INSTAAR is pleased to announce four George R. Aiken Graduate Fellowships for 2023. CU Boulder graduate students Mackensie Bowen, Allison Cook, Tim Higgins, and Millie Spencer received the awards, which come with funding to support their research over the next year.
CU Boulder graduate students conducting water-related research are eligible for the fellowship. It was established to honor George Aiken, a distinguished organic biogeochemist who contributed significantly to our understanding of aquatic ecosystems during his 40-year career with the U.S. Geological Survey (USGS). The fellowship aims to support collaborative research in water and earth science that contributes to the wise and sustainable management of Earth’s natural resources within the context of environmental change. Funds may be used to pay for research expenses.
Mackenzie Bowden, a PhD student in the Environmental Engineering program, is investigating contaminants from fires at the wildland-urban interface. These contaminants work their way into streams and watersheds, presenting risks to downstream communities and ecosystems. Yet few studies have begun to identify and quantify the individual compounds or traced them back to their source materials. Bowden will sample building materials of concern, such as treated lumber, asphalt roofing shingles, and PVC pipes. She will use her fellowship funds to perform chemical analyses on the samples after combusting them in a lab. The results will help assess the hazards posed by pyrogenic compounds in fresh water.
Allison Cook is a master’s degree student in the Environmental Engineering program. She is passionate about tracing and control of pathogens in the urban environment for stronger public health. Her research group is investigating the outfalls of stormwater sewers, where the built and natural environments intersect. The City of Boulder has noticed an increase in E. coli concentrations at locations in Boulder Creek. Cook will sample the stormwater system and sediments in the creek to identify the strains of E. coli that are infiltrating the creek, and see whether they are from mammal, human, or soil sources. The research could help the City mitigate the source of the E. coli.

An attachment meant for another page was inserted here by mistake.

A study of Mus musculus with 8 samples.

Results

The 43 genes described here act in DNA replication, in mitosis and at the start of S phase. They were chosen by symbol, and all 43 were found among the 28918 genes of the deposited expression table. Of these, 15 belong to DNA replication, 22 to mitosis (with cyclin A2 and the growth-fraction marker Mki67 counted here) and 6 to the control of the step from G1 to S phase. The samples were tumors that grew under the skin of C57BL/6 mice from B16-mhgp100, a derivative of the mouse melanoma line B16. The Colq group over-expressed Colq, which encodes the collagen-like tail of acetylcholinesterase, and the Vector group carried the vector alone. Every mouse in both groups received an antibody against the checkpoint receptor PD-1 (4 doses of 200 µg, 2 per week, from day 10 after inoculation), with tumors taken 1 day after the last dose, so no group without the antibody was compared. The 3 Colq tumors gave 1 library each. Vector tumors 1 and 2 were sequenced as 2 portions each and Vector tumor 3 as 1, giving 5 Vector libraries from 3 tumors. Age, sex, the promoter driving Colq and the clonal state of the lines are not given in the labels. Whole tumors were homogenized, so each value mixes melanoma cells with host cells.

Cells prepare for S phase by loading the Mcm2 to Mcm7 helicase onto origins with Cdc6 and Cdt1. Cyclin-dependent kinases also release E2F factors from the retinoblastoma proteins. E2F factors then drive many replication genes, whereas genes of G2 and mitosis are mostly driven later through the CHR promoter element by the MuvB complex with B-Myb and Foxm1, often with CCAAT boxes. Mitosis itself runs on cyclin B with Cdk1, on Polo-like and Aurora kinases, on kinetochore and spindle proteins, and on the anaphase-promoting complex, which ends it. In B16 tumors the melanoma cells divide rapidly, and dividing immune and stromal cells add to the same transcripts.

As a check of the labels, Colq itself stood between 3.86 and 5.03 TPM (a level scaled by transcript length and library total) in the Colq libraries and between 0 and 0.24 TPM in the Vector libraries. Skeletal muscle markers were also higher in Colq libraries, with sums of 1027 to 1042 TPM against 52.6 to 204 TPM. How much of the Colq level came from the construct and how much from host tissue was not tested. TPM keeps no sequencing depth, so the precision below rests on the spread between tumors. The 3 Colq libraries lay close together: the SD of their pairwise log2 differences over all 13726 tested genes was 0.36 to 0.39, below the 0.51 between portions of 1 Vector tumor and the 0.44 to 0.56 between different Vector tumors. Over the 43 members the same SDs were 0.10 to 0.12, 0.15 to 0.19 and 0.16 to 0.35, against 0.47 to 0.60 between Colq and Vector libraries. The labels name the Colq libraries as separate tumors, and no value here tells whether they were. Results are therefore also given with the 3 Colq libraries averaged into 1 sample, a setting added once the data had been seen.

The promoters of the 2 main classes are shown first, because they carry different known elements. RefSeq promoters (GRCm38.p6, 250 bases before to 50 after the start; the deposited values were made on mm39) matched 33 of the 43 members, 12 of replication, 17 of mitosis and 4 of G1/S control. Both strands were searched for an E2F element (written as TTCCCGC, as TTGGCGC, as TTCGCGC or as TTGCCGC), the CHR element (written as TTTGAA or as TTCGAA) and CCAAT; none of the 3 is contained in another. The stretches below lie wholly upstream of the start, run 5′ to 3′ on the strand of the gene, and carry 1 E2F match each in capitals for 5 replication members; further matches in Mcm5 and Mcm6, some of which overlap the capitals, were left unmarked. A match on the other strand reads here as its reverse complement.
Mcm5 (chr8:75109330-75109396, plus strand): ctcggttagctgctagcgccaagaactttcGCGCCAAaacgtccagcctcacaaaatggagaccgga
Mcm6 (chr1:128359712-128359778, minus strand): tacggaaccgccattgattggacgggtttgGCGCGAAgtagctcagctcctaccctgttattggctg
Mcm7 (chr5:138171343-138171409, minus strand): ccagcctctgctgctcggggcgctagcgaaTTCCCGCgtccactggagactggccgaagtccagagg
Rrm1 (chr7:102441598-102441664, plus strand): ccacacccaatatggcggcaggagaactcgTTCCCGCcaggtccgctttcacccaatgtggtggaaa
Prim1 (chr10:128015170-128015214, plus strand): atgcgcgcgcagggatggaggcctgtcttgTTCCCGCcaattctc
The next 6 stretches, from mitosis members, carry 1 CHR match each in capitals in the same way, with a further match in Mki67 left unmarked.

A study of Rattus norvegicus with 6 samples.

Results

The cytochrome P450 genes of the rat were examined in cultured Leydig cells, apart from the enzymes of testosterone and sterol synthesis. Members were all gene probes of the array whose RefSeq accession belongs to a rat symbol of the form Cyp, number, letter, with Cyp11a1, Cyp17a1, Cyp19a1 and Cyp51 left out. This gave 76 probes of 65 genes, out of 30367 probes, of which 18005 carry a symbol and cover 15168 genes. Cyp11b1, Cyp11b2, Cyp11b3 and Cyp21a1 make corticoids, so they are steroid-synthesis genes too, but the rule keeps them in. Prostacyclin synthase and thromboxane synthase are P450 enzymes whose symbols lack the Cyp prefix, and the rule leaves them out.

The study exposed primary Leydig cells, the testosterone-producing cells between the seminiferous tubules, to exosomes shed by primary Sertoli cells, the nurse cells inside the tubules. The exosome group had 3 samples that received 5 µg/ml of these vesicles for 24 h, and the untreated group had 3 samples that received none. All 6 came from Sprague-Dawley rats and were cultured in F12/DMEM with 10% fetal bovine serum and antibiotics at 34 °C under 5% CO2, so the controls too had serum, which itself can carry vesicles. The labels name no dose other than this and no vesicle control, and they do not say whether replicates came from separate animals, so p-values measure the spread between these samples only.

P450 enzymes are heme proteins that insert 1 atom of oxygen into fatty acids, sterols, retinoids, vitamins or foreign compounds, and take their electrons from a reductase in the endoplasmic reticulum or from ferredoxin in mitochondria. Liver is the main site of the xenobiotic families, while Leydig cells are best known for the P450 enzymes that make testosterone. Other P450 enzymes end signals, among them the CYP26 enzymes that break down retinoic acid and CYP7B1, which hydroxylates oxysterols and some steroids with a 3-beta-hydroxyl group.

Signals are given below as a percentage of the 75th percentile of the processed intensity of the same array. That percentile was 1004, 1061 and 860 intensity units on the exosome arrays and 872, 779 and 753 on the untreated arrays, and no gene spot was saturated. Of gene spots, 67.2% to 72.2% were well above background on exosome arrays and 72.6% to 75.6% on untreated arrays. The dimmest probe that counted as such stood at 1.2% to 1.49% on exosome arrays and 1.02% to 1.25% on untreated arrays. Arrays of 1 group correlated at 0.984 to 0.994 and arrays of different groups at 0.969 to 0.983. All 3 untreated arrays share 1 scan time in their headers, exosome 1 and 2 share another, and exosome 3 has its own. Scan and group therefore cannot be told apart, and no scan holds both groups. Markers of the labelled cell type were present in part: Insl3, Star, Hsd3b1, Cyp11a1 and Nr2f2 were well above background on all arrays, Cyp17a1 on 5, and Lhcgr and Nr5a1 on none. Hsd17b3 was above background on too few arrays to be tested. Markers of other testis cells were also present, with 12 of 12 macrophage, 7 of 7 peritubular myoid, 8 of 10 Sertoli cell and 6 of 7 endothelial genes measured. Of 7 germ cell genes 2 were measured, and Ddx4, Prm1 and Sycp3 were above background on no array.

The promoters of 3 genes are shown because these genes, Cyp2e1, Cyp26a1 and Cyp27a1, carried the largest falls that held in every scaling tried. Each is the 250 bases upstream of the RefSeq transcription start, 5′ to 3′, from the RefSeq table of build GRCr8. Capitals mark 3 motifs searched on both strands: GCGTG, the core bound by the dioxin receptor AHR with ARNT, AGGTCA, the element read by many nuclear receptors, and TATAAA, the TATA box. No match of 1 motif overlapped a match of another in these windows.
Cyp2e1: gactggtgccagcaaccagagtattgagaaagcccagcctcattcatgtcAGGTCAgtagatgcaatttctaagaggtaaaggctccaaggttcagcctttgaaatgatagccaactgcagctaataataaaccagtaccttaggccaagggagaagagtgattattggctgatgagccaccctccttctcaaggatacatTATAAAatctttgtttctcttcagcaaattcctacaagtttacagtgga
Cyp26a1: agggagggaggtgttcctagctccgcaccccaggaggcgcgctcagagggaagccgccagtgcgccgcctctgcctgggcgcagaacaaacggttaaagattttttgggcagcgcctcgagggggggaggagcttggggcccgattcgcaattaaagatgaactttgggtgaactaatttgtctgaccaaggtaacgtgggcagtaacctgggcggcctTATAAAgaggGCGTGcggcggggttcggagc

Tim Higgins, a PhD candidate in the department of Atmospheric and Oceanic Sciences, is investigating the impacts of climate change on atmospheric rivers and extreme precipitation events that affect the western United States. He is using a unique regional climate data set from the Weather@Home project, and has applied a convolutional neural network to track atmospheric rivers within the data. He is also researching how atmospheric rivers and extreme events might be predicted more accurately farther in advance of when they happen. With his fellowship funds, Higgins will travel to the World Climate Research Program Open Science Conference in Kigali, Rwanda to present his research.
Millie Spencer is a PhD student in Geography, studying hydrology and glaciology through the lenses of traditional ecological knowledge and knowledge coproduction. She is part of a team of Mapuche, Chilean, and U.S. scientists that has received consent from several Mapuche-Pehuenche communities outside Temuco, Chile, to share scientific perspectives and community knowledge. Spencer will document the perspectives of community members who live in intimate proximity to Chile’s glaciers and hold community knowledge of the landscape dating back generations prior to colonization. She aims to document Mapuche knowledge of hydrological and climatic patterns and trends, greatly expanding upon current Western scientific knowledge of glacier change in the region. Her fellowship will provide funds for travel and lodging while conducting her work in Chile.
The Aiken Graduate Fellowships are made possible by Ellen Aiken and many other donors. The new Fellows will be recognized at the CU Boulder Hydrologic Symposium in spring 2024.